Talawanda School District Board of Education discussed state legislation, arts and athletics, student accomplishments and more at its second-to-last meeting of the year on Nov. 16 at Talawanda High School’s Performing Arts Center. Treasurer Shaunna Tafelski and Superintendent Ed Theroux also presented information on finances and high school graduation.
The meeting began with representative Kathleen Knight-Abowitz discussing H.B. 214, which recently passed in the House of Representatives. The legislation would prohibit school districts from requiring students, faculty and staff from supporting political ideologies and movements and protect free speech in schools.
After highlighting student involvement in the production of “The Tempest,” the student-made Veterans Day mural in the high school’s cafeteria, athletic accomplishments and induction into the National Honor Society, the meeting opened for public participation.
One resident raised concerns about the ongoing bussing crisis in the district. Currently, K-8 families who live in a two-mile radius of their respective school do not have access to bussing services, and bussing for high school students has been eliminated entirely.
“You say you care about our kids, but I think by [eliminating bussing] you are penalizing our kids,” the resident said. “I’ve talked to people where they've had to quit their day jobs and go to second-shift jobs, just in order to take their kids to school.”
Tafelski gave a brief presentation on the five-year plan for the district. The presentation evaluated deficit spending through FY28, operating revenue, a comparison of local versus state revenue, operating expenditures broken down by object and potential challenges and current cash trends. The board unanimously approved this forecast after its presentation.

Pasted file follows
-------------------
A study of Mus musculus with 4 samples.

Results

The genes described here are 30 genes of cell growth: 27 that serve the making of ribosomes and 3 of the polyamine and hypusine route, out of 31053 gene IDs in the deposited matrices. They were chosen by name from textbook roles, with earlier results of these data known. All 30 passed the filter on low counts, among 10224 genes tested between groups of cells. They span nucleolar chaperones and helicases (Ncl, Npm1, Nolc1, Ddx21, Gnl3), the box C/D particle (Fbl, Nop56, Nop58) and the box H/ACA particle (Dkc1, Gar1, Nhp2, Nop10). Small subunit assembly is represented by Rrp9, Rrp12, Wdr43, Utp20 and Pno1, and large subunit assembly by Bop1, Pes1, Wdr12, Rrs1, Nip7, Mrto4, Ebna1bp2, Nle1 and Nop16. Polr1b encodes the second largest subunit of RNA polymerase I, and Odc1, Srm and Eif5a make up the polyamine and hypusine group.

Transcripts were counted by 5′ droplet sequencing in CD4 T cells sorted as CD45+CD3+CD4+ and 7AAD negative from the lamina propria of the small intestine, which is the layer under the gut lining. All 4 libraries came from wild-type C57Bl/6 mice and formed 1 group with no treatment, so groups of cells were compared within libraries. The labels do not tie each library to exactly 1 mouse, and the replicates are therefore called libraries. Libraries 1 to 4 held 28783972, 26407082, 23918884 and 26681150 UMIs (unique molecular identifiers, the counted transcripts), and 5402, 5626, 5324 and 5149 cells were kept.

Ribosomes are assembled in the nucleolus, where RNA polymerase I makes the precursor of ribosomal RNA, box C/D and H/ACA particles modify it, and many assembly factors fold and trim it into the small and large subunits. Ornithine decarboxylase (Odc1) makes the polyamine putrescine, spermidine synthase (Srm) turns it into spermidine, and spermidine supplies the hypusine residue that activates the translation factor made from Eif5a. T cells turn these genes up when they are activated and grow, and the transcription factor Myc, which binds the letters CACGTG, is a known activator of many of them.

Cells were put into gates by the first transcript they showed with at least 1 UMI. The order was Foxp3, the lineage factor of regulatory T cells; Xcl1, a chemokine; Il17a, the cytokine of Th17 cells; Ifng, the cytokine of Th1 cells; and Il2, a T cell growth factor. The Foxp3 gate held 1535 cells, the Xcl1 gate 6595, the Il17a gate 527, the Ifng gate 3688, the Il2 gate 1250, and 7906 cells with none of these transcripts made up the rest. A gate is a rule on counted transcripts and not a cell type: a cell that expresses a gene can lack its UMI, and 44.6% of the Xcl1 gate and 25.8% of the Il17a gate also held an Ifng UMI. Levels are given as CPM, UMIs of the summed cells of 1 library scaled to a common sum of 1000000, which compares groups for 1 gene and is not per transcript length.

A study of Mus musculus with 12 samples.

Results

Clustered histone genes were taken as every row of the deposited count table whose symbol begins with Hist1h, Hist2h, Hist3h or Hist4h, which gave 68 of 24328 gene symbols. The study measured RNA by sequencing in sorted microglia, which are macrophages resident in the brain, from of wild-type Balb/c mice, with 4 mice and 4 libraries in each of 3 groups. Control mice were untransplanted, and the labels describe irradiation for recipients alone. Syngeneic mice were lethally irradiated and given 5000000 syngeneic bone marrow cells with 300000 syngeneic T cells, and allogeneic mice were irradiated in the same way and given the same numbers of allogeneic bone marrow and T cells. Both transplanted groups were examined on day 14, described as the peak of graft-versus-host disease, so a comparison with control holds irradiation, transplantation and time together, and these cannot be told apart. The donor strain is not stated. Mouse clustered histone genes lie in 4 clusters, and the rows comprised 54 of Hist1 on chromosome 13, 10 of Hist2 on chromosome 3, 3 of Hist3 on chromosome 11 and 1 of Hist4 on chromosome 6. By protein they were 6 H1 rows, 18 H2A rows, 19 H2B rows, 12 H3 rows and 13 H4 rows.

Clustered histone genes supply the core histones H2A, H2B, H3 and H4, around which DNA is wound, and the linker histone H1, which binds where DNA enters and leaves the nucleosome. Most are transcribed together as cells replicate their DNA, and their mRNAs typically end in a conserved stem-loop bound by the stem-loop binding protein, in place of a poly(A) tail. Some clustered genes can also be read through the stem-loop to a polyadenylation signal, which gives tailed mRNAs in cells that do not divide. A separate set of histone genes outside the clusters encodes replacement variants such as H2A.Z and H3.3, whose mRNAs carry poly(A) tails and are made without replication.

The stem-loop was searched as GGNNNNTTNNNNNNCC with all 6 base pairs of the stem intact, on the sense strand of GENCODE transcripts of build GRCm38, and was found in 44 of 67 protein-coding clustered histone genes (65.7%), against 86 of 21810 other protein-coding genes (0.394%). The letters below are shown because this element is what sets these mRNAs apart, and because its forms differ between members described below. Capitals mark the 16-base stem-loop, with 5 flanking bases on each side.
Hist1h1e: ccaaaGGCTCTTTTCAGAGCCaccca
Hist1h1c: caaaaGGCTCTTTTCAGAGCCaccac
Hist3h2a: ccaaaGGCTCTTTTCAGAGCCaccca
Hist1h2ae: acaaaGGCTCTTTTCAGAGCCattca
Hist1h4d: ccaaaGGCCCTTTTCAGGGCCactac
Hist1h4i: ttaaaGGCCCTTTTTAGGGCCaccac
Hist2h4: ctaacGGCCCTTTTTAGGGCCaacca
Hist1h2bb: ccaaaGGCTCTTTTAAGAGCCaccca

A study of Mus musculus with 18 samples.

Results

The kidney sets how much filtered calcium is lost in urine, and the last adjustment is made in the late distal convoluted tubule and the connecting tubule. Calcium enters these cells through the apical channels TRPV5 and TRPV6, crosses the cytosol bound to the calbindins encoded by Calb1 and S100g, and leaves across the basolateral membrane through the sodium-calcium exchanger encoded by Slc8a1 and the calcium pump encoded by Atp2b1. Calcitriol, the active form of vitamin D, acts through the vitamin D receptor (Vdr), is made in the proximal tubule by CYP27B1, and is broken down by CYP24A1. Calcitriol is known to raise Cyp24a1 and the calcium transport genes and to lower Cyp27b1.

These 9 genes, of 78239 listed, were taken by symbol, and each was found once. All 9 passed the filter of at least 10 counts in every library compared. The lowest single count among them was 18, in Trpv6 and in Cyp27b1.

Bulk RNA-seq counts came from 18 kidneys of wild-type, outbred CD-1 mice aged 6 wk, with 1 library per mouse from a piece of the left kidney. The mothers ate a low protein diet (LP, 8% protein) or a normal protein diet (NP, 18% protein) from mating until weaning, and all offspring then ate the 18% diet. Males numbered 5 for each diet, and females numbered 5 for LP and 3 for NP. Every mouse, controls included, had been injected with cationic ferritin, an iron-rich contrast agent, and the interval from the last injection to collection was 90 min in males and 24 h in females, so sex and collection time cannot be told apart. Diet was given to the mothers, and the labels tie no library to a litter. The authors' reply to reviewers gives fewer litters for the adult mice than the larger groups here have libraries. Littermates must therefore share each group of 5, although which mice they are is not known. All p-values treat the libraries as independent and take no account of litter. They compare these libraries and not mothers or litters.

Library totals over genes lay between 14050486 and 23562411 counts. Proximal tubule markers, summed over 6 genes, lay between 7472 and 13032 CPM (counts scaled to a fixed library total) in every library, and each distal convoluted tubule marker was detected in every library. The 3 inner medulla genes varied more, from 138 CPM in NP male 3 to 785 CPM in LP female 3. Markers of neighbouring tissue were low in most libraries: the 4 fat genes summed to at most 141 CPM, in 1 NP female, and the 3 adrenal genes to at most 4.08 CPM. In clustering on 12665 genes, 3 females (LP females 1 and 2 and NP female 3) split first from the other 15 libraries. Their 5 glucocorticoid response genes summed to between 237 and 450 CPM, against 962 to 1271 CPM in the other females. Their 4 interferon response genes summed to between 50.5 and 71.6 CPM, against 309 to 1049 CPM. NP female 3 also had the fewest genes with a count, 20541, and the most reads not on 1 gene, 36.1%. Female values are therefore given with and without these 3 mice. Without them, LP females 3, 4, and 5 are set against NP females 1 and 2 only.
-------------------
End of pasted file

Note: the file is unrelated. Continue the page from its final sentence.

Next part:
“It is not until fiscal year 28 that we start to see our expenses be higher than our revenue, pushing the cash on hand in the wrong direction,” Tafelski said.
Tafelski also said that the district anticipates to bring in more than $41 million in revenue during FY24. By FY28, the school district hopes to increase that number, bringing in more than $44 million.. In terms of operational spending, Tafelski said that the district is predicted to spend more than $39 million in FY24. That number is also expected to increase, and the school district expects to spend more than $45 million in FY28.
“This is probably the most optimistic five-year forecast I’ve seen in the four years that I’ve been on the board,” Rebecca Howard, school board member, said. “And some of that is the increase in revenue, but a lot of it is the work we’ve been doing for four years to bring down expenses. That doesn’t mean we’re done.”
Theroux also gave a report which included motions to pass updates for personnel, policies and the approval of a fifth-grade overnight field trip, which passed unanimously.
The meeting closed with details on the graduation ceremony for the high school. While the ceremony normally takes place at Millett Hall, Miami University is beginning construction for a geothermal plant on North Quad, which requires the Millett parking lot to be dug up. While Miami has lowered its space rental from over $7,000 to $2,800, parking for senior families who are attending will be disrupted. The board has not yet decided on where to hold graduation because of the impact from the geothermal project.
The next school board meeting will be held on Thursday, Dec. 14, at Talawanda High School’s Performing Arts Center. A live stream of the meeting can be found here.